History in the Hills: Things that are gone now
Anyone who is from the Tri-State Area who is interested in local history has seen, or at least is aware of, Rick Sebak’s work on WQED-TV.
His down-to-earth demeanor and documentary style of television program is addictive and draws the audience into whatever story he is telling. Typically, Sebak focuses on the Pittsburgh area in his programs, but he is such a dynamic storyteller, it is hard not to connect with the history.
I feel that our area is so close to the Golden Triangle that their history also is relevant to ours, too. Take for instance my 7-year-old son, who, despite never being there, is absolutely enamored by Sebak’s 1988 program “Kennywood Memories” and watches it often. Many evenings are spent around the dinner table talking with him about the great rides, picnic memories and warm and carefree summer days spent there. Hopefully, this summer the pandemic will have lessened enough that we can fulfill his wish to go to Kennywood so he can have Kennywood memories of his own.
In my estimation, Sebak has succeeded in the job of a public historian. To preserve and promote history while inspiring a younger generation is ever the goal. I hope that with these articles, I do a small part toward that end.
For me, a few of the most interesting programs Sebak produced were “Things That Aren’t There Anymore” in 1990 and “Stuff That’s Gone” in 1994. With that in mind, I wanted to take a look at our area and talk about a few places that are gone.
In Weirton I would wager that one of the most dramatic changes to our landscape in the past few years is the ongoing demolition of the former Weirton Steel Corp., most particularly the B.O.P., or the Mill of the Future, as it was known.
The enormous building completed in 1967 was a towering structure that dwarfed everything around it save the ancient hills that nestled it in our valley. With the construction of the building and complex, buildings, homes and other plants, especially the shell plant so vital in arms production in World War II, were demolished to make way. Today the site is vacant awaiting the next chapter in our town’s history. Returning to Weirton after the building was demolished took some getting used to.
Another significant change in our community landscape was the demolition of our city’s public elementary schools. The list of those demolished include Cove School, built in 1912, closed in 1991 and now the site of the Weirton Events Center; Weirton Grade School in the North End on County Road, built in 1913, closed in 1963; Weirton Heights Elementary, built in 1925 on the corner of South Twelfth and School streets, closed in 2014; Broadview Elementary, opened in 1955, closed in 2014; and Liberty Elementary School, built in 1939 and closed in 2014. I am personally attached to Liberty School, as that is the elementary school I attended growing up.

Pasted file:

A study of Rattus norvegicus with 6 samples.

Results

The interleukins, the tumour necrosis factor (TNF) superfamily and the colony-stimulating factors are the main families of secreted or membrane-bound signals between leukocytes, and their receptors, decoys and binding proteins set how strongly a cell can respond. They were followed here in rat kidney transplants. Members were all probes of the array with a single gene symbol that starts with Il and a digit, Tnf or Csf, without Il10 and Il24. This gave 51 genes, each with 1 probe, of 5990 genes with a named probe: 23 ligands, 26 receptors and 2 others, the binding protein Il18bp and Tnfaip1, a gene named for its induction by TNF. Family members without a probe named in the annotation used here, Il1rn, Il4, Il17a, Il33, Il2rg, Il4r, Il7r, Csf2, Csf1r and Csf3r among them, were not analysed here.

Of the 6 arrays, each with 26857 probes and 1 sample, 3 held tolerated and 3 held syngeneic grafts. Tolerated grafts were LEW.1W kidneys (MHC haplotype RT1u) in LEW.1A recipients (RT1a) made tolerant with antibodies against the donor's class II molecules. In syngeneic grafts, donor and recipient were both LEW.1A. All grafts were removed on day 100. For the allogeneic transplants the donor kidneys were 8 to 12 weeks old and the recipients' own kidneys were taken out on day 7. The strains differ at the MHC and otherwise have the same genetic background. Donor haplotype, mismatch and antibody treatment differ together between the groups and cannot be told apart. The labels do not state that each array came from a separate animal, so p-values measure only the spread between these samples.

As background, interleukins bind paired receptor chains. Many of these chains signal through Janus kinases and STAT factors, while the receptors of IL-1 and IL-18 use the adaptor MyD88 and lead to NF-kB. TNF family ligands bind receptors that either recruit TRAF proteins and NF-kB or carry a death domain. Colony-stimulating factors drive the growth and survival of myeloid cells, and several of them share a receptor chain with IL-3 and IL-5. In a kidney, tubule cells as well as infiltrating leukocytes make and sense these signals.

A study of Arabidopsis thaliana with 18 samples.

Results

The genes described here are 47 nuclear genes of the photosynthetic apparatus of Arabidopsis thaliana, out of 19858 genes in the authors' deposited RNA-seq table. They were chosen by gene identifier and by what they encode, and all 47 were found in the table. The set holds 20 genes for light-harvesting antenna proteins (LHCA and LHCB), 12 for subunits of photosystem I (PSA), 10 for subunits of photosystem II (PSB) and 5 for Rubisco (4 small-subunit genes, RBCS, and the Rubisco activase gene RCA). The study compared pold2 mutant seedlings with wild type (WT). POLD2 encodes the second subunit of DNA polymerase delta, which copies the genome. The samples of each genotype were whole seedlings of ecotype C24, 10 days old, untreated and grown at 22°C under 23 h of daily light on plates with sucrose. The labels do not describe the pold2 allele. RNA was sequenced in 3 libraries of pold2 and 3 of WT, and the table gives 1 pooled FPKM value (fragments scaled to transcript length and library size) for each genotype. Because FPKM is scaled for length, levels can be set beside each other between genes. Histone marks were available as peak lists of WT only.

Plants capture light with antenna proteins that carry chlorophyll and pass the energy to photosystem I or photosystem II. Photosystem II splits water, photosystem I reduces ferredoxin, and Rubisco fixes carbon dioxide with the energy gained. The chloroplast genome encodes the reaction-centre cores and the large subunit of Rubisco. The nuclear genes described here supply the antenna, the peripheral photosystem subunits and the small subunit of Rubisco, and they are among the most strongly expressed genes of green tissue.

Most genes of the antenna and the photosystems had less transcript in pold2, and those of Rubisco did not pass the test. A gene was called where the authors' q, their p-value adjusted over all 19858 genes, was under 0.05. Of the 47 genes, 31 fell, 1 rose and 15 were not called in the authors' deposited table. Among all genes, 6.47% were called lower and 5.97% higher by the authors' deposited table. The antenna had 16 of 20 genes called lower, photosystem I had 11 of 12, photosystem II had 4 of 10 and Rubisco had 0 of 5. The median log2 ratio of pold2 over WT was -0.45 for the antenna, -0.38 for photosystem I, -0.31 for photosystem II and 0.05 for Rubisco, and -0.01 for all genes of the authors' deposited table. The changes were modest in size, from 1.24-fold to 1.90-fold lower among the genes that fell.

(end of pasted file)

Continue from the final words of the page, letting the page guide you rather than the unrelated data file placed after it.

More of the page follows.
I remember fondly the long rambling hallways, library, distinctive 1930s color scheme of the floor and walls, and, if you looked closely on the masonry on the front of the building, images and words were pressed in these unique bricks.
Dunbar School on Weir Avenue, built at the same time as Liberty, also has these distinctive brick motifs. Dunbar School, historic in its own right as a school for African Americans constructed before desegregation in 1955, is still in existence, but it closed as a school in 1991.
The other elementary schools in our city, Edgewood, Marland Heights Elementary and the L.B. Millsop School, are still standing.
One school building that is gone that meant a great deal to many was the old Weir High School on Orchard Street downtown, built around 1923 to replace the old central school next door that was built in 1916.
The new building was described by Frank Pietranton in his 1936 book “History of Weirton and Holliday’s Cove,” who said, “This is a fireproof structure; large airy classrooms are provided for the students; a large gymnasium and an auditorium were included in the building. Laboratories for the science classes are fully equipped. Nothing is lacking which will help the young men and women of Weirton and Hollidays’s Cove to obtain an excellent high school education.”
The building later would be covered in ivy, which is one of the things remembered most about the place.
In 1934 another Weirton landmark was built adjacent to the school. The new Weir High School Stadium was constructed next door on land owned by Weirton Steel. On Sept. 21, 1935, Weir High played its first game there against Cleveland South and won 14-0. In January 1964 after many decades of use as a high school, 400 students and faculty moved to the new campus-style Weir High School located on Weirton Heights. Even though the high school was no longer located on the property, the stadium still was a center for the community. I remember fondly the packed crowds on the concrete stands and the young people packing the green hillside and ground in front of the concession area. If I close my eyes, I can still hear Bob Rossell’s voice echoing off the mill on those cold fall nights. On Oct. 28, 2011, Weir High played its last game at the stadium, renamed in 1981 for longtime coach Jimmy Carey, against East Liverpool and lost.
The school and stadium are gone now, the school demolished and the stadium overgrown. But still we are connected to these things that are past. The places that hold our memories are not in brick and mortar or even in steel, but they are in the stories and memories we share with others. The new places in town, although not the same as we knew them, will be held dear to coming generations, and that is OK.
It is the nature of things to change. Like Rick Sebak, who inspired my 7-year-old son to love Kennywood, we hopefully can inspire a new generation to see just what is so special about our little valley and they can make their own memories to last a lifetime.